August 5, 2010
NY Times Reports on Outsourcing Discovery Work to India
Today's New York Times features a story about the growing trend of outsourcing discovery work (and other legal work) to India.
August 4, 2010
Grimmel on the Legacy of Rationalism in the European Court of Justice
Andreas Grimmel (Minda de Gunzburg Center for European Studies (CES); Harvard University; University of Hamburg) has posted "Judicial Interpretation or Judicial Activism?: The Legacy of Rationalism in the Studies of the European Court of Justice" on SSRN.
The abstract states:
August 3, 2010
Akron Law Review Symposium on Erie & Shady Grove
The Akron Law Review announces a forthcoming written symposium, “Erie Under Advisement. The Doctrine After Shady Grove.” The deadline for submitting manuscripts is Oct. 15, 2010.
The symposium issue will explore the contours of the Erie doctrine after the Supreme Court’s decision in Shady Grove Orthopedic Associates, P.A. v. Allstate Insurance Co., 130 S. Ct. 1431 (2010). The Court’s fractured opinion in Shady Grove raises many questions regarding the durability of the framework established in Hanna v. Plumer for resolving potential conflicts between Federal Rules and state law, or if the framework remains intact, how courts should apply that framework.
Articles should focus on topics regarding the future implications of Shady Grove, and the Court’s treatment of the substantive rights prohibition of the Rules Enabling Act. Manuscripts on other aspects of the future of the Erie doctrine are also welcome.
The Akron Law Review will review articles on a rolling basis until Oct. 15, 2010. Articles should conform to The Bluebook citation format. We welcome articles of any length. Please send all questions and article submissions by e-mail to: Morena Carter, Editor-in-Chief, Akron Law Review, lawreview [at] uakron.edu.
August 2, 2010
Parness on Judicial Verses Legislative Authority in Illinois After Lebron
Professor Jeffrey A. Parness (Northern Illinois University College of Law) has posted "Judicial Verses Legislative Authority after Lebron" on SSRN. It will be published in the Illinois Bar Journal.
The abstract states:
Three New Comparative Articles
Alexei Trochev has posted Meddling with Justice: Competitive Politics, Impunity, and Distrusted Courts in Post-Orange Ukraine to SSRN.
Remo Caponi has posted Italian Civil Justice Reform 2009 to SSRN.
Dorota Leczykiewicz has posted 'Effective Judicial Protection' of Human Rights after Lisbon: Should National Courts Be Empowered to Review EU Secondary Law? to SSRN.
Abstracts after the jump.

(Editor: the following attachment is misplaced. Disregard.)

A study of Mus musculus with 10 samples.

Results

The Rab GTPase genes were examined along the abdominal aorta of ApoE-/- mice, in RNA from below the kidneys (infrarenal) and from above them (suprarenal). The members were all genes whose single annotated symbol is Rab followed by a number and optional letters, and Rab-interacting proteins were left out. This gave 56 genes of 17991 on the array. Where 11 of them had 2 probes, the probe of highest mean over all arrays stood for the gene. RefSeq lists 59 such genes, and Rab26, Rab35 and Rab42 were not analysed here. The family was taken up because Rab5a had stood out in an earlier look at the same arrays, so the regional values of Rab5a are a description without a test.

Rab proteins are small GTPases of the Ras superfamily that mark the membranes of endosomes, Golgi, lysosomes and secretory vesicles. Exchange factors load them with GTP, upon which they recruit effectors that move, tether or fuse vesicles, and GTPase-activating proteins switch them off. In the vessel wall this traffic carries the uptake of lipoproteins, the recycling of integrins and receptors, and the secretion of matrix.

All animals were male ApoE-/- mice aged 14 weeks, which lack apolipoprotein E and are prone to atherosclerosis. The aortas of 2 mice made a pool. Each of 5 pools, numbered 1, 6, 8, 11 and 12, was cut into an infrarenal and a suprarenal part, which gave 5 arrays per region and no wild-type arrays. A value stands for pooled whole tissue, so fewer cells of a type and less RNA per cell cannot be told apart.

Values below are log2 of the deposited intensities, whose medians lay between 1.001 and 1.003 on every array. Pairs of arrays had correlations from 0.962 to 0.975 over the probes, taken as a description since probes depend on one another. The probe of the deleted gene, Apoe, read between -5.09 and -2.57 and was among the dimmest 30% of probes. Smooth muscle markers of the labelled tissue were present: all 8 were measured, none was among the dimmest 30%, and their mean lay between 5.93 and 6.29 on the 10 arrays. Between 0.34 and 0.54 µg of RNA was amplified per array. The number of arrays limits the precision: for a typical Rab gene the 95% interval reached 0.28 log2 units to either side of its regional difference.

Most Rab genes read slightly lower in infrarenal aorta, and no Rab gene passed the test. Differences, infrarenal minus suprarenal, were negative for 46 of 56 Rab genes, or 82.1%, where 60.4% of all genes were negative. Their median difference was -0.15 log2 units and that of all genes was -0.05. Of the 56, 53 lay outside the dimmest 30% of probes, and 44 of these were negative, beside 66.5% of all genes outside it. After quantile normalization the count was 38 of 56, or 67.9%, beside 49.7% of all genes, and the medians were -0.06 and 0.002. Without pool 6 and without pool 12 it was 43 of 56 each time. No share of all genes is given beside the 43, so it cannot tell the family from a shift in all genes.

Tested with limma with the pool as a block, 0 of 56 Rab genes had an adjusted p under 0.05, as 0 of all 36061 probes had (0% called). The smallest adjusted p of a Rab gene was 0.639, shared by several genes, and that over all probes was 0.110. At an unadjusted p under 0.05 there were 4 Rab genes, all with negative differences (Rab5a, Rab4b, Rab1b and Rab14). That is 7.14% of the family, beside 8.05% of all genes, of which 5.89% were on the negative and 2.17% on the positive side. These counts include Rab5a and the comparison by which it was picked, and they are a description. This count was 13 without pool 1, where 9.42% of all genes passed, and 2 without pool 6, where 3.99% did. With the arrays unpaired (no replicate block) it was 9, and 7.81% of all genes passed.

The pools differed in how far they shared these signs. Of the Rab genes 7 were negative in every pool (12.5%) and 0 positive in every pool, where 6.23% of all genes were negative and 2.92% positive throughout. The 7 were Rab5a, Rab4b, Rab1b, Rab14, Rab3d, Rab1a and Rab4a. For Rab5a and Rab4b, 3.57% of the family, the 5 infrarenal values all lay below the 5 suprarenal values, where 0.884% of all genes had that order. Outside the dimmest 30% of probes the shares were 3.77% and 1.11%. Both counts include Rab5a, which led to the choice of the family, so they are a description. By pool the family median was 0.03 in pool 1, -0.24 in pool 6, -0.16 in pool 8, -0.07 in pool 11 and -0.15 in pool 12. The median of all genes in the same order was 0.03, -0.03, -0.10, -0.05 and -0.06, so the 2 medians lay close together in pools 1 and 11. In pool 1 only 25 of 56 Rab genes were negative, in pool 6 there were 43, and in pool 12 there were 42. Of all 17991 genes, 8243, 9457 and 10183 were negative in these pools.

Contrary to the theories of judicial empowerment that argue that the presence of strong political opposition is necessary for the development of an independent judiciary, the increasing fragmentation of power in today’s Ukraine goes hand-in-hand with judicial disempowerment - dependent courts regularly provide important benefits to rival elites.
The Italian Civil Justice Reform 2009 (Law no. 69 of 18,h June, 2009 and, based on this law, Legislative Decree no. 28 of 4th March) 2010) has amended several provisions of the Code of Civil Procedure (CCP), but it has left untouched the root causes of inefficiency of the Italian civil justice system.The causes of the unreasonable length of civil proceedings in Italy are many. There are too few judges in relation to the number of disputes to resolve. Many judicial districts are too small and should be merged. The judges are not assisted by law clerks in the preparation of their decisions. Judges often do not even have their own room to work. The presidents of the courts are appointed by the Supreme Council of the Judiciary (Consiglio Superiore della Magistratura) which often takes no account of their managerial skills. The number of court clerks is insufficient to cover the needs. Finally, e-justice still remains very marginal. None of these problems has been addressed by the 2009 reform. There is a need for political will, and human and material resources, which are not there. Therefore, we are satisfied with the modification of only the written words in the law's text. In this paper I do not examine all the innovations of the 2009 reform, but only the most important ones.
The article carries out a structural assessment of the EU system of protection of human rights after the entry into force of the Treaty of Lisbon. It compares the method of protecting human rights in EU law before and after Lisbon, and argues that the question of whether amendments introduced by the new Treaty ensure that the system of protection is complete cannot be answered unequivocally. It is only when the Court of Justice has had the opportunity to interpret art.275 TFEU that we will be able to determine whether all gaps in protecting human rights have been filled. Thus, the article advocates a return to the proposition made by A.G. Mengozzi in Gestoras and Segi as a solution to the potential problem of “incompleteness” of remedies. It explains that recognition of national courts’ power to review EU secondary-law not only complies with the existing doctrine but also improves the status of human rights in EU law and, despite suggestions to the contrary, leaves the position of the Court of Justice as the sole judicial arbiter of Union law intact.